Disappearing history: Central Ky. historian works to document vanishing cemeteries
Denny Lipscombe says his work is key for future generations. But time could be running out.
CYNTHIANA, Ky. (WKYT) - Just north of Cynthiana, in the far corner of a Catholic cemetery full of headstones for mothers, fathers, sons, daughters and veterans, one stone in particular shares precious few lines of an unfinished story.
“Unknown youth,” its etching reads.
No dates, no dash, no description; a simple stone with a small cross is all that marks the final resting place of someone buried alone - someone who may have died alone - also marking the existence of a family somewhere who never knew what happened to their child.
“When I saw that the first time I just had to sit down on the ground,” Harrison County historian Denny Lipscombe said, looking on his computer at a photo of the grave marker. “The anguish those parents went through - their kid disappeared, and they never learned what happened.”
The gravestone at St. Edward’s Cemetery is just one of thousands Lipscombe has photographed, but one that, in ways has haunted him - an incomplete paragraph in a larger story he has worked tirelessly to document.
“It’s about the history of who we were. It’s about who we are,” Lipscombe said. “It’s about connecting people with their people - about their ancestors. That’s what it’s about.”
Over the past several years, Lipscombe has visited 165 cemeteries across Harrison County in his effort to visit and document every small cemetery in his hometown.
It is hard work. Many of the cemeteries he visits are tiny, hard to find, hard to get to, and located on private property whose owners he first has to track down and from whom he has to get permission.
Lipscombe takes photos of the grave markers he comes across, catalogs them on his eight-terabyte hard drive and posts them on his two Facebook groups: Take Me Home, to Cynthiana and Gone But Not Forgotten, Cemeteries and Genealogies of Harrison County, KY. (He has posted roughly 13,000 photos online. Yet he believes he has taken maybe four or five times that many, having to compensate for a tremor.)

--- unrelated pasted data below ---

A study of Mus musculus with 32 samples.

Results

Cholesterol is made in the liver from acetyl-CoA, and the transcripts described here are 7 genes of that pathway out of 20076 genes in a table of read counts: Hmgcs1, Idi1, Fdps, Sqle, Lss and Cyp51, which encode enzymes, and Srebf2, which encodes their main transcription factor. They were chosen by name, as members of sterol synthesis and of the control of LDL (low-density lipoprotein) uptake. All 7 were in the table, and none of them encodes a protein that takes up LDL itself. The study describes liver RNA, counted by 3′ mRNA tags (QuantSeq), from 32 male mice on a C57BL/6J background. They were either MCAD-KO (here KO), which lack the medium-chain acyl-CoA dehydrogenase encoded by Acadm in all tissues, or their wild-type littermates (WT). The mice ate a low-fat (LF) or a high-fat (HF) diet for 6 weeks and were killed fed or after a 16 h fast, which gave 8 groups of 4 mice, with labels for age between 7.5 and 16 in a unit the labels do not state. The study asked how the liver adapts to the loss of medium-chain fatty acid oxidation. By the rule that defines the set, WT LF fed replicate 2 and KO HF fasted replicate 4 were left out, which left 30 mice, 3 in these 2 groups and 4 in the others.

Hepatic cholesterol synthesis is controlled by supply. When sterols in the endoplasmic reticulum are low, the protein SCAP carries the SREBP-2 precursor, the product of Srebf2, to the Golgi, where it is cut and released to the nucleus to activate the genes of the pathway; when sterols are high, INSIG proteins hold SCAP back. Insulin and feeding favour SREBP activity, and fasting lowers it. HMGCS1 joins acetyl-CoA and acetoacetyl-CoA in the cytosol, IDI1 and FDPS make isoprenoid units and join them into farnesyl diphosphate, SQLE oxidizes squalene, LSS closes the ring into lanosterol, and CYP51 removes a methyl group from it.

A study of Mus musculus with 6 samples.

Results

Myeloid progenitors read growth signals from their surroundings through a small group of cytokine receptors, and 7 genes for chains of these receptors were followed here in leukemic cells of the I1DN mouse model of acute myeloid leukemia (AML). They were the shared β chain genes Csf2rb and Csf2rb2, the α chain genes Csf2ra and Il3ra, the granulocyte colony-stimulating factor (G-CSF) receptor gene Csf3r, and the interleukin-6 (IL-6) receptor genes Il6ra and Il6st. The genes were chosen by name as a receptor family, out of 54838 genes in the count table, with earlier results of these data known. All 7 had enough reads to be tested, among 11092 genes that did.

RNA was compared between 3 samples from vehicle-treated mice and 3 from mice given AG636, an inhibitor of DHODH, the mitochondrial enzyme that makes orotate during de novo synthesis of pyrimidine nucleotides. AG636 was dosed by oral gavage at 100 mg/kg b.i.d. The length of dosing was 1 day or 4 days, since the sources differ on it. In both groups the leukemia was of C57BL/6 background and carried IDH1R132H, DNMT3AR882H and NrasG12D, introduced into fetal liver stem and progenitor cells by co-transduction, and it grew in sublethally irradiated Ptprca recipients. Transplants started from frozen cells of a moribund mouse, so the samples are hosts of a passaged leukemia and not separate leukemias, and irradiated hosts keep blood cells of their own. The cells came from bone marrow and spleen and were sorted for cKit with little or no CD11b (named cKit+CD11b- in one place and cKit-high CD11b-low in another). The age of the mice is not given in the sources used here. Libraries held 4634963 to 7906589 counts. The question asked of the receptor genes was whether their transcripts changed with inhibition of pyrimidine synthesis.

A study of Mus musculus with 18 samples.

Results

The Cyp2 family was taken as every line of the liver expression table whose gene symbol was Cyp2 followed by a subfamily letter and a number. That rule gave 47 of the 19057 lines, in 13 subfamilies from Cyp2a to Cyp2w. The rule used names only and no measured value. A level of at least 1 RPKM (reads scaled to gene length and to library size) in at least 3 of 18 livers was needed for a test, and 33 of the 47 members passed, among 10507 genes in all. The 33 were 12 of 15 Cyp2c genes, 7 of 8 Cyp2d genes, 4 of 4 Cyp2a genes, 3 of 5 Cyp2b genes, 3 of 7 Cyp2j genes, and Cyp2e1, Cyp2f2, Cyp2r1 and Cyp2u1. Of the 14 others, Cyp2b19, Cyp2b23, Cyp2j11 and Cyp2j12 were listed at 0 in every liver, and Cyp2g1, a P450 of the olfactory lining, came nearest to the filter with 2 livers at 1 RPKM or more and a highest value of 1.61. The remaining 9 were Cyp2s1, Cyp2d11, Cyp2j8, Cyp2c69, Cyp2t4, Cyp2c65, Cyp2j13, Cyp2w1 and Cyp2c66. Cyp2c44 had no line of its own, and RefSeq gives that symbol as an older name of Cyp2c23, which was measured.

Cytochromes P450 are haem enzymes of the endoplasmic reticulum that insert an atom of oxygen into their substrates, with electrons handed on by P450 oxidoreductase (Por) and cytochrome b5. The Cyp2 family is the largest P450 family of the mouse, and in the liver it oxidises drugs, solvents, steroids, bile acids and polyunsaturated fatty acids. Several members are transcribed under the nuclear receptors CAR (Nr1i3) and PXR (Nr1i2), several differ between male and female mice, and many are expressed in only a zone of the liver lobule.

But for all the cemeteries he has visited, there are even more he never got the chance to see.
“I know of at least 50 more that are gone,” Lipscombe said. “When I say gone, I mean gone. This happens in every county, everywhere.”
Still more threaten to vanish before he can get to them. (“There’s cemeteries out there that are going to get bulldozed,” he said.)
The Cemetery Preservation Alliance says neglect, inappropriate development and insensitive public policy endanger cemeteries around the world. Resources exist to try to reverse that trend. But time ticks on, and future threats to the living past loom.
That is why - even as physical ailments and disabilities threaten to stop Lipscombe’s work - he knows it is important for someone to keep it going.
“If it doesn’t, it’ll be gone,” he said. “Most of these cemeteries that I’ve got pictures of, they’re going to be gone. And the only record of them ever being in existence will be the pictures that I’ve taken.”
It is a passion project, but it is also much more than that. Lipscombe believes the work he is doing holds a key for future generations.
He has already helped families find graves of lost loved ones. He has also given copies of his research to local libraries and historical societies around the region, knowing that as much as it means to the living, it could mean even more down the line.
“We forget where we came from,” he said. “And when we forget or don’t take the time to know where we came from, then how do we know who we are?”
Like that of the unknown youth who rests on hallowed ground less than two miles from Lipscombe’s home, the larger story, too, remains incomplete - and is now in need of a new generation willing to finish it.